Javascript: Accurate timing is (almost) here

If you’ve ever tried to optimize or locate a bottleneck in your Javascript code you’ve most likely ended up using Date().getTime(). As this function returns the number of milliseconds since the 1st of January, 1970 we can easily determine the total run time of the code we wish to test by taking two readings, one immediately prior to the code to be tested and and one immediately after. A simple subtraction will then give us the total run time in milliseconds:


var start, end;

start = (new Date()).getTime();

// Run a test

end = (new Date()).getTime();

alert(end - start);

While this is easy to use and consistently implemented across browsers it has a three flaws that make it less than ideal for benchmarking – the value returned is an integer so it’s useless for timing anything that takes less than a millisecond, it’s derived from the system clock which may be unstable or subject to adjustment and, depending on the operating system and browser, can be significantly wrong.

With the recent release of Google Chrome 20 to beta we now have the opportunity to use a new, more reliable and more precise timer – High Resolution Time a.k.a.  performance.now. More specifically, we can use the Chrome, vendor-prefixed, version – performance.webkitNow.

As performance.webkitNow returns the number of milliseconds since the navigationStart of the page and is not tied to the system clock we get more reliable timings. Better still, it returns the elapsed time as a double with microseconds in the fractional part, allowing us to have more accurate, sub-millisecond, timings.

If we rewrite the previous example to use High Resolution Time instead of Date().getTime() our code would be:


var start, end;

start = window.performance.webkitNow();

// Run a test

end = window.performance.webkitNow();

alert(end - start);

Running this example would give us results such as 0.005999987479299307 whereas our original, Date-based, example consistently returned zero.

Of course, it’s never so simple. This will work fine in Chrome 20 Beta but will error in all other browsers (and earlier versions of Chrome). To allow for other, as yet to be released, vendor-prefixed versions and to be usable today we must create a small shim function:

 var now = (function() {

// Returns the number of milliseconds elapsed since either the browser navigationStart event or
// the UNIX epoch, depending on availability.
// Where the browser supports 'performance' we use that as it is more accurate (microsoeconds
// will be returned in the fractional part) and more reliable as it does not rely on the system time.
// Where 'performance' is not available, we will fall back to Date().getTime().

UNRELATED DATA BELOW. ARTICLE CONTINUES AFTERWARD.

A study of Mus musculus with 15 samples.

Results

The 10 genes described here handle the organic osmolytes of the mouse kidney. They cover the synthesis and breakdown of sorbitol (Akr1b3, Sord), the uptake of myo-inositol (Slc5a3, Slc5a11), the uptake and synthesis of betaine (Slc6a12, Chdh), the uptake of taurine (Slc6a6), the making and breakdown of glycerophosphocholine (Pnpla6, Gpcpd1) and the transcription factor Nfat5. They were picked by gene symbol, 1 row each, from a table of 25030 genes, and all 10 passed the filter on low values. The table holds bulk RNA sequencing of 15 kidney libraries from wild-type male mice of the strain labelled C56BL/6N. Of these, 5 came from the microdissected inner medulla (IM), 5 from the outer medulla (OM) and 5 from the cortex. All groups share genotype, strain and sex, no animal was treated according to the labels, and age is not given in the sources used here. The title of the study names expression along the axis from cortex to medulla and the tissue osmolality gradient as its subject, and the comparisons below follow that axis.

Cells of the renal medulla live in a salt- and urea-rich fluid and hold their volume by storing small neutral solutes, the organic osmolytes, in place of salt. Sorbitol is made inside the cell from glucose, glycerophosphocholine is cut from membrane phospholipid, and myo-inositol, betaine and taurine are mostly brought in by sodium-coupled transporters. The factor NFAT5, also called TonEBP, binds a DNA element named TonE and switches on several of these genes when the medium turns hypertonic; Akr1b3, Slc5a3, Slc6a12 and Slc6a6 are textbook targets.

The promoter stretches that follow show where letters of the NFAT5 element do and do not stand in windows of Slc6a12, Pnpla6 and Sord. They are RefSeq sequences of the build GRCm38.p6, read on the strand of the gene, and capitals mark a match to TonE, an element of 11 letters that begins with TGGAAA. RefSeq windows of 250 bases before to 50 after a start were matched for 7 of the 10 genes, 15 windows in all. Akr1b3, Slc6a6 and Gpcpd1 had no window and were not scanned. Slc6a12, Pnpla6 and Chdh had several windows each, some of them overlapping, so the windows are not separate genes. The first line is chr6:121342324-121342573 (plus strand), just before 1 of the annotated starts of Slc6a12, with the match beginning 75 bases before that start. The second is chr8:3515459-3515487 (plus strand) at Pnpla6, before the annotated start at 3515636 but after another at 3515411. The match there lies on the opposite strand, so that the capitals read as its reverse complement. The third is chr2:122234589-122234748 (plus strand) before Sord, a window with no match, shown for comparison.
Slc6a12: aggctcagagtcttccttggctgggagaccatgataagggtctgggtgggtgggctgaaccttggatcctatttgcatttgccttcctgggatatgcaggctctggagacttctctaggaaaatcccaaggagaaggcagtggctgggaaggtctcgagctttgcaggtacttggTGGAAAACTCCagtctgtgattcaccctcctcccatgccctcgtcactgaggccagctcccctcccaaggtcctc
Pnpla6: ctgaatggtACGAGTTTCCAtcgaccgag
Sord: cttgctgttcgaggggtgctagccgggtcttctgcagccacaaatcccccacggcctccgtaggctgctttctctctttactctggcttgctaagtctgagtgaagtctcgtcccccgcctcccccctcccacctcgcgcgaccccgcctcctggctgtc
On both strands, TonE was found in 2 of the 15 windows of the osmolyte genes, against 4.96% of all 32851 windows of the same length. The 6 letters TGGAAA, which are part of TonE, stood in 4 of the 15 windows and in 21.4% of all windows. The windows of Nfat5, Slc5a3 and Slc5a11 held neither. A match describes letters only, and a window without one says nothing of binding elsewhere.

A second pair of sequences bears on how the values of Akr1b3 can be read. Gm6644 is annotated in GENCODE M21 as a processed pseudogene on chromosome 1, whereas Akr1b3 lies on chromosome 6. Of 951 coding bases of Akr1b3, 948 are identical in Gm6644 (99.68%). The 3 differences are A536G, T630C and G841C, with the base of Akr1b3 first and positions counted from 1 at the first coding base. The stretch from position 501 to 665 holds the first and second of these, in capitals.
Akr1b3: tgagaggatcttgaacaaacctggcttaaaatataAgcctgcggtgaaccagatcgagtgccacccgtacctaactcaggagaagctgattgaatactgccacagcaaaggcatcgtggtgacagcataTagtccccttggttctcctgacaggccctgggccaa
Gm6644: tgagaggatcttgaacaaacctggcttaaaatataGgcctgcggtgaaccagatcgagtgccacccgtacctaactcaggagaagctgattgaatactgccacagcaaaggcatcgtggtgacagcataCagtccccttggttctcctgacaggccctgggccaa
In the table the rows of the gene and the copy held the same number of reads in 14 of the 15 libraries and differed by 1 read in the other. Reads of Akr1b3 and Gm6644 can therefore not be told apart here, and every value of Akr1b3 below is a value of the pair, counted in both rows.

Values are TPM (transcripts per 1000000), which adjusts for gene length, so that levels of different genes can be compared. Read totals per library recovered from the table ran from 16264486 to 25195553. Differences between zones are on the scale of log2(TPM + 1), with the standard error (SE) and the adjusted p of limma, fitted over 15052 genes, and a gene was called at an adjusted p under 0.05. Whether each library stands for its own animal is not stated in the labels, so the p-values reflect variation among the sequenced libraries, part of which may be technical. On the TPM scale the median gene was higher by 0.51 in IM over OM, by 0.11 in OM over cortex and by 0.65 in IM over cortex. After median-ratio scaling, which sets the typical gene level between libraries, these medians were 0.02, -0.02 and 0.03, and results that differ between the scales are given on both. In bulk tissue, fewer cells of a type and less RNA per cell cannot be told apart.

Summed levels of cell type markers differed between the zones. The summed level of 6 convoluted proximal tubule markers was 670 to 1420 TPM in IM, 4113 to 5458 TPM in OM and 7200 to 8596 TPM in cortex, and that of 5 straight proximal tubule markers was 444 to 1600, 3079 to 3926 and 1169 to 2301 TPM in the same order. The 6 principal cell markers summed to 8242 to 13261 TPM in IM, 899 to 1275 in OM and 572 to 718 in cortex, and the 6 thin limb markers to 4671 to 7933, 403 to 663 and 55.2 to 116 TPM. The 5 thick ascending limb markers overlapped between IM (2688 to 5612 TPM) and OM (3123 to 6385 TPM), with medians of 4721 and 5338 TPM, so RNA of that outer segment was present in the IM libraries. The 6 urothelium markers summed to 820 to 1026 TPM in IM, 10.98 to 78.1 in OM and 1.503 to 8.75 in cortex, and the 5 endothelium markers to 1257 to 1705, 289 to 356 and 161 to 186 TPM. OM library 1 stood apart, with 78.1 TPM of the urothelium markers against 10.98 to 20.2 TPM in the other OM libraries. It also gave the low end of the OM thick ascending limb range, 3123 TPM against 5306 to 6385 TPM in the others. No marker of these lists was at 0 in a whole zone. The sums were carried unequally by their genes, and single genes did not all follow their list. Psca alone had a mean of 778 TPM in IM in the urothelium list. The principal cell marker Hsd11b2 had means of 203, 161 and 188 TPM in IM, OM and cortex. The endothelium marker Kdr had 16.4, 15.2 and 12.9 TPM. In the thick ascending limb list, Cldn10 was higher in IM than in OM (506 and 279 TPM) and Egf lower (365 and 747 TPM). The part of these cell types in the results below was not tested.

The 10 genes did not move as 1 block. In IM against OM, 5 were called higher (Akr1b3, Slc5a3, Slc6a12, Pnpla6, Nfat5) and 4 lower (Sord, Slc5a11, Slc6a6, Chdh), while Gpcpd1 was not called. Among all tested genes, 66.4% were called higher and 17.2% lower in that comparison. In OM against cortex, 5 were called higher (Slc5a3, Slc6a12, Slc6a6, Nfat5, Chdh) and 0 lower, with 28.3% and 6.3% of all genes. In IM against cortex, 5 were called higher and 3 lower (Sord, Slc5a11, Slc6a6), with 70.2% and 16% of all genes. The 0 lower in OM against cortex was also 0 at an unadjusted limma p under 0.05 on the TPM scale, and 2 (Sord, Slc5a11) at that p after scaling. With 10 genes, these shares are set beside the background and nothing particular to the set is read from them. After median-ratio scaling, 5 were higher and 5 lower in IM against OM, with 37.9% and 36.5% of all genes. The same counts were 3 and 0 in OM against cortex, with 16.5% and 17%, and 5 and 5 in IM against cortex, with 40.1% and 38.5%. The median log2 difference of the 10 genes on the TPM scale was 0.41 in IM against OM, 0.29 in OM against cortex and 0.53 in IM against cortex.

var performance = window.performance || {};

performance.now = (function() {
return performance.now    ||
performance.webkitNow     ||
performance.msNow         ||
performance.oNow          ||
performance.mozNow        ||
function() { return new Date().getTime(); };
})();

return performance.now();

});   

This will use the “official” performance.now, if it is available. If not it will try each of the vendor prefixes, then ultimately fall back to Date().getTime(), allowing for all eventualities now or in the near future. Using this function is no more difficult that our previous examples:


var start, end;

start = now();

// Run a test

end = now();

alert(end - start);

 

You can try out this function on jsFiddle or grab it from Gist or Snipplr.

 


  1. It’s as accurate as we can be in Javascript at the moment and a lot more accurate and usable than what was available previously (i.e. Date()).getTime()). For my purposes, which is measuring relative performance, it’s good enough.

    Is it perfect across all browsers? No, which is why the post is titled “Accurate timing is (almost) here”.

    If you have a better approach that I can use now, I’d love to hear about it.

  2. “the value returned is an integer so it’s useless for timing anything that takes less than a millisecond, it’s derived from the system clock which may be unstable or subject to adjustment and, depending on the operating system and browser, can be significantly wrong” … “As performance.webkitNow returns the number of milliseconds since the navigationStart of the page and is not tied to the system clock we get more reliable timings.”

    What do you mean that it’s not derived from the system clock? The system clock is the core time-keeping facility of a computer. It’s literally the device that the processor uses to count the number of cycles it makes per second. Window.performance.now() is, in fact, reliant on the system clock. It’s more accurate only because it provides a float rather than an integer, giving us a measure of microseconds (which the system clock provides) instead of the milliseconds that we were previously limited to in JavaScript.

  3. Have to say, this was perfect for what was needed. Thank you very much for the more accurate time measurements, I appreciate it!